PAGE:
Royal Academy of Engineering Research fellow, Dr Tingting Zhu receives funding to lead on an international collaboration

Tingting Zhu portrait

Royal Academy of Engineering Research fellow Dr Tingting Zhu

Dr Tingting Zhu and Professor Chengyu Liu (Executive Dean of School of Instrument Science and Engineering, Southeast University, China) have been recently awarded two-year funding support from the Royal Society and the Natural Science Foundation of China for the International Exchange Scheme – Cost Share Programme, to develop a machine learning framework and open-source platform for dynamic cardiac monitoring.

The Royal Society International Exchanges Scheme is designed to provide funding support for visits to stimulate new collaborations between scientists in the UK and overseas. In the Cost Share Programme, the Royal Society partners with different funding bodies, such as the Natural Science Foundation of China, to co-fund the scheme. The joint proposal requires scientists from the UK and overseas to each submit a separate application to be reviewed by the funding organisation in the residing country. Successful funding will only be provided when both applications have been awarded. The scheme is highly competitive, with only 57 awarded projects out of a total of 247 proposals submitted.

A large-scale pandemic like COVID-19 places extraordinary demands on the world’s health systems, and threatens the global communities in an unprecedented way. Other than respiratory symptoms, COVID-19 also affects heart function significantly with possible long-term damage. The electrocardiogram (ECG) is a gold standard and cost-effective diagnosis tool to evaluate cardiac function by recording the rhythm and activity of the heart. Dynamic monitoring of the ECG changes for abnormal rhythms (such as arrhythmia detection) can provide valuable information in screening, diagnosis, and risk assessment of cardiovascular function. Commercial ECG wearables offer a convenient means for clinicians to assess patients’ health statuses, especially in resource- constrained settings (e.g., poor doctor-to-patient ratio, and low hospital resources available). However, the analysis of arrhythmia detection is challenging due to lack of correct labelling, distribution inconsistencies caused by equipment, population, and lead differences.

The proposed project aims to develop an interpretable and personalised continual learning framework to address issues in dynamic ECG monitoring, with the ability to learn dynamically new tasks from different datasets derived from different populations or devices and collected at various times while maintaining the memory of old tasks. This project will be implemented jointly by Dr Tingting Zhu’s team, together with Dr Lei Lu at the Computational Health Informatics lab from the University of Oxford in the UK, and Prof. Chengyu Liu’s team at the Wearable Heart-Sleep-Emotion Intelligent Monitoring Lab from Southeast University in China.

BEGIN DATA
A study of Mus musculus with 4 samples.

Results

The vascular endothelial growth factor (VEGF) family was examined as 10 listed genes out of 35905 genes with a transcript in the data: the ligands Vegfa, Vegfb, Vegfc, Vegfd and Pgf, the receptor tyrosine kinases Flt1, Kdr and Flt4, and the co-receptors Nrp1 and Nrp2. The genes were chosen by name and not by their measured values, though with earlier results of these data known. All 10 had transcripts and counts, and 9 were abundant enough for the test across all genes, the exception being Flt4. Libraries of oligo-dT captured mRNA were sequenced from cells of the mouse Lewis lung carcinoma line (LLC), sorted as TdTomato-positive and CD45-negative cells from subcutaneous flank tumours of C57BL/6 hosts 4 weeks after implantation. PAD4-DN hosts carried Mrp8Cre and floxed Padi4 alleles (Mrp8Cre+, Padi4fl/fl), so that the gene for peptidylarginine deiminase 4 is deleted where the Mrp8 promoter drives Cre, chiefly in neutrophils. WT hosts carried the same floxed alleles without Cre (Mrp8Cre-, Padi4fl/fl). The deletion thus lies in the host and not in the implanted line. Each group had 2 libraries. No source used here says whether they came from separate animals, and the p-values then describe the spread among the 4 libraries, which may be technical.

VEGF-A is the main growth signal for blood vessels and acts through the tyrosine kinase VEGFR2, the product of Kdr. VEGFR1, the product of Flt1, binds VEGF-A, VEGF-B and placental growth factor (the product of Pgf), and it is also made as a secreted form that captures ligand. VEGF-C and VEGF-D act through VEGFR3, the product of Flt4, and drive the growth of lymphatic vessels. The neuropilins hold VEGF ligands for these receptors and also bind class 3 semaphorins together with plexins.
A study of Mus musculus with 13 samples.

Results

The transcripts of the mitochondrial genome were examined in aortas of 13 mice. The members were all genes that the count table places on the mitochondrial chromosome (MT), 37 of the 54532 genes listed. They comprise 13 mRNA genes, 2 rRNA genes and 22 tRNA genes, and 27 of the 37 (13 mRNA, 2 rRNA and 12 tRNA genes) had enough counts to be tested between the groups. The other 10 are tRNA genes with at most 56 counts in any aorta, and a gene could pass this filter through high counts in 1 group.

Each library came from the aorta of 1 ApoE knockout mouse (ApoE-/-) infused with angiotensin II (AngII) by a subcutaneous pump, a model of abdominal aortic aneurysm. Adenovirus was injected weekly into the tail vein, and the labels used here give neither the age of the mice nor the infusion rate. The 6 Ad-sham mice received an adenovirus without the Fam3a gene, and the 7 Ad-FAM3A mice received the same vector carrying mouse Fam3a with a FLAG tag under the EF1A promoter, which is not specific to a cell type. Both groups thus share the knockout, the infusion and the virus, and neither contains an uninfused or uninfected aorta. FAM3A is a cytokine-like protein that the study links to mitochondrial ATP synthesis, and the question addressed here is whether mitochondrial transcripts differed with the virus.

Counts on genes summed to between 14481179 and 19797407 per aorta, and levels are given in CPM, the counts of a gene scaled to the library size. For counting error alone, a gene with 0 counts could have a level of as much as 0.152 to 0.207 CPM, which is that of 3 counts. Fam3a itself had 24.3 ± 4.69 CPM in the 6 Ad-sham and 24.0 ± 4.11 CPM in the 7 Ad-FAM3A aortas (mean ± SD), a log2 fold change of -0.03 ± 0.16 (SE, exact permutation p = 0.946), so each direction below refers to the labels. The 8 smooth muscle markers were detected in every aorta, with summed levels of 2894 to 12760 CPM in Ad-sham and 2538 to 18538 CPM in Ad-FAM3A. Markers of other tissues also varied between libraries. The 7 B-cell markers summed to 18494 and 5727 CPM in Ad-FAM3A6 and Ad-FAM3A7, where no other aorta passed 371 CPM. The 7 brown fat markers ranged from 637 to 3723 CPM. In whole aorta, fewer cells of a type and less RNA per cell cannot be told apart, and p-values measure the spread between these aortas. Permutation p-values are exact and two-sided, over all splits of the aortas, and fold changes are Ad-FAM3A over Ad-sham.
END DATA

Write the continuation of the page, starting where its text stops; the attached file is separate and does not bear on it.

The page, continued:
Furthermore, the project aims to provide open-source models resulting from the research, which can then be widely used in any remote setting to assist clinical decision support and lower the health care costs for an individual as well as the healthcare provider. A novel open-source ECG database platform will be built to provide researchers with a large, rich dataset for developing and validating new methods in medical informatics.

Dr Zhu says, "I am pleased to receive this award as well as support from the Department of Engineering Science to enable the proposed collaboration. Long-term wearable ECG monitoring captures dynamic changes of the heart and provides an indication of general wellbeing. Continuous tracking and effective analysis on long-term ECGs may also discover potential risk factors of an individual, which would otherwise be left undiagnosed. The funding support helps to foster a new link between Oxford and Southeast University in jointly developing intelligent decision support tools using wearables for dynamic cardiac monitoring. We are currently working with local hospitals in Nanjing, China to link wearable data with electronic health records to provide a comprehensive tracking of holistic health and wellbeing of individuals".

Professor Liu says "I am really pleased to receive this collaboration funding to work with Dr Tingting Zhu, who is an outstanding scientist in the domain of ECG data processing and AI analysis. Recent advances in wearable and IoT technology have led to an explosion in routinely ECG monitoring. Although there are clear clinical and practical benefits to using AI models, those for ECG data are still in their infancy, and many nominal “intelligence” methods do not produce substantial help with clinical diagnostics. This is why we want to work together to strengthen the development of cardiac monitoring. Tingting’s team at Oxford University has a world reputation in ECG and machine learning research, so the collaboration between Southeast and Oxford University has a bright prospect".